Key tips dairy payout spike on its way
Prime Minister John Key says dairy prices could spike later this season as production both in New Zealand and overseas continues to fall.
In conversations he recently had with Fonterra bosses, Key said they expected the milk forecast to remain around $6 per kilogram of milk solids, but there were concerned it could jump next year.
‘‘They are quite worried about the payout really spiking up,’’ he told Waikato farmers at the Waikato Federated Farmers building in Hamilton recently. most in the dairy industry wanted less volatility in dairy prices, Key said. A price spike also stifled much needed reform in the European dairy industry.
‘‘The really strong view would be that I think it’s very unlikely you will see a payout under $6/kg MS. The question is how high will it go.’’
Key’s personal view was that the New Zealand dollar relative to the American dollar would fall, which would also help with the dairy payout. While the economic outlook was positive, US presi- dent elect Donald Trump would raise interest rates because he was likely to spend money and stimulate the American economy.
‘‘If those interest rates come up a bit, the Kiwi-US rate should come down a wee bit.’’
There were three options if Trump pulled out of the TPPA, Key said.
The agreement became parked up until a new president wanted to resurrect it, the remaining countries formed the TPPA without the United States, and thirdly, that Trump re-negotiated the agreement.
Key hoped Trump would change his stance because of his business background and concern that a deal without the United States could put China in a politically advantageous position in all of Asia.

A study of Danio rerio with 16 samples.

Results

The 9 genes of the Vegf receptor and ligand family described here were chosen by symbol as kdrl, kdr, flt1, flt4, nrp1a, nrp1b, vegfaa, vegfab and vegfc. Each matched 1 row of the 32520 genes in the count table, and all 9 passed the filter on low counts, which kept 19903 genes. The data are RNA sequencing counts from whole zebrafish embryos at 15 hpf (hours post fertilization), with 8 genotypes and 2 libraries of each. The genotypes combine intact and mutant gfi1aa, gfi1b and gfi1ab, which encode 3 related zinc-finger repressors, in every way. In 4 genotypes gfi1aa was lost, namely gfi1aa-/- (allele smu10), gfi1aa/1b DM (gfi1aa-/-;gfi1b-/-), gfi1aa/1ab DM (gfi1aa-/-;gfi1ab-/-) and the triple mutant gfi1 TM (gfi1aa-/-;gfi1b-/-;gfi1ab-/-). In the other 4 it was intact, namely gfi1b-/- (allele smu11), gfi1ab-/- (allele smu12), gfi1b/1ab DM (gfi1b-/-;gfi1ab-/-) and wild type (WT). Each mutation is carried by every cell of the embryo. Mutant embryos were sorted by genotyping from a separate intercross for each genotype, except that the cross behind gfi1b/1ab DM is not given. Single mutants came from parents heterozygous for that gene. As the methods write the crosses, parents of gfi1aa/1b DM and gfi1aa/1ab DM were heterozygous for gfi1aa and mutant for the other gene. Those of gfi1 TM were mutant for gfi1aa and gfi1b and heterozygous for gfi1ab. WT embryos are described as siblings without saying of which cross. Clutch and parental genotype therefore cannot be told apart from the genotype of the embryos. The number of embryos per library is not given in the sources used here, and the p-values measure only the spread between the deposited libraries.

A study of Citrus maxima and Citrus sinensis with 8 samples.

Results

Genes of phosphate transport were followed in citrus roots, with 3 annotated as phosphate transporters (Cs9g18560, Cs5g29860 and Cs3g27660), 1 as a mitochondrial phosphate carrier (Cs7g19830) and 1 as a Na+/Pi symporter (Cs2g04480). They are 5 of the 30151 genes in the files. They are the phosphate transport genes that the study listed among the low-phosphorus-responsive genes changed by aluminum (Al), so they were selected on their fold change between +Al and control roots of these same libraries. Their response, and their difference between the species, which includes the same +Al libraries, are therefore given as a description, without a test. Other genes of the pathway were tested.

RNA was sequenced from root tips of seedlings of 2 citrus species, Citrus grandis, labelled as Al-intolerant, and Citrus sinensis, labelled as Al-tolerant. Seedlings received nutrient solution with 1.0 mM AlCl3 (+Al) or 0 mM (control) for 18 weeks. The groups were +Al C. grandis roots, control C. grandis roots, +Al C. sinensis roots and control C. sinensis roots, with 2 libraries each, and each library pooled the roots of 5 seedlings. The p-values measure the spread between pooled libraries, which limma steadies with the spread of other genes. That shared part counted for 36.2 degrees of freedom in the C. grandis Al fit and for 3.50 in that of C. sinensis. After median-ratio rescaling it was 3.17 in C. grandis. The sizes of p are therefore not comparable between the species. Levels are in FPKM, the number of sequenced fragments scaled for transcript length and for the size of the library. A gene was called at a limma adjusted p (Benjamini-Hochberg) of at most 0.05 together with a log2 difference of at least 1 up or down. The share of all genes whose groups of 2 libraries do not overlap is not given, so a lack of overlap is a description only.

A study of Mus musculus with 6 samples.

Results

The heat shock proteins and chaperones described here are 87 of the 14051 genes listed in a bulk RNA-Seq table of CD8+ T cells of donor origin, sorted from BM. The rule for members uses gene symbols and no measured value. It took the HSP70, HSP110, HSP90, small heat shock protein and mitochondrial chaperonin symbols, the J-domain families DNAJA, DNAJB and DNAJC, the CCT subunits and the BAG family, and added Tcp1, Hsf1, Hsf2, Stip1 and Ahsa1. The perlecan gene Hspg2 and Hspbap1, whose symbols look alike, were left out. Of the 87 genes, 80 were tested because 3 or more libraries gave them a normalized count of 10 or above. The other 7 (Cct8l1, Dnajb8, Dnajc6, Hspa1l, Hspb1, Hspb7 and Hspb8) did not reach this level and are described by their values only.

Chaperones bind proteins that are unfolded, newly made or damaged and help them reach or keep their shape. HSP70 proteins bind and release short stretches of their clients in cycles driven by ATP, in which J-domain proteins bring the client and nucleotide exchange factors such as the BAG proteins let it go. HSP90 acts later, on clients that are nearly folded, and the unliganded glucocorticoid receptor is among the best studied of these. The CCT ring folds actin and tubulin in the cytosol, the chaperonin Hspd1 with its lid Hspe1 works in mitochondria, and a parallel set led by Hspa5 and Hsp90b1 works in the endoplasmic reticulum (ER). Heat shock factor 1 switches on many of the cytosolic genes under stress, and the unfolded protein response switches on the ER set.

‘‘He’s a business guy and don’t be surprised...if in some point in the future, all of a sudden it’s a good idea.’’
Trump’s voters were also opposed to climate change and this would cause issues because the world’s three biggest emitters were China, US and India. If the US pulled out of the Paris Climate Agreement, it could put pressure on those other two.
Key said farmers had to take it seriously. It led to catastrophic weather patterns and the most exposed industry to this issue was agriculture.
‘‘If anyone understands the impact of bad weather and climate change, it’s farmers. It’s Russian roulette and you can’t afford to take the risk.’’
NZ could not fix it alone. Putting agriculture emissions into the Emissions Trading Scheme was simply a tax because currently there was little farmers could do to control animal emissions. Until farmers had tools to curb emissions, they should not come into the scheme, he said.
‘‘There's a lot of different factors going on, but the broad guts of it is that world production is going to be down.’’
Prime Minister John Key says it is unlikely the dairy payout will fall below $6/kg milk solids. On the right is Waikato Federated Farmers president Chris Lewis.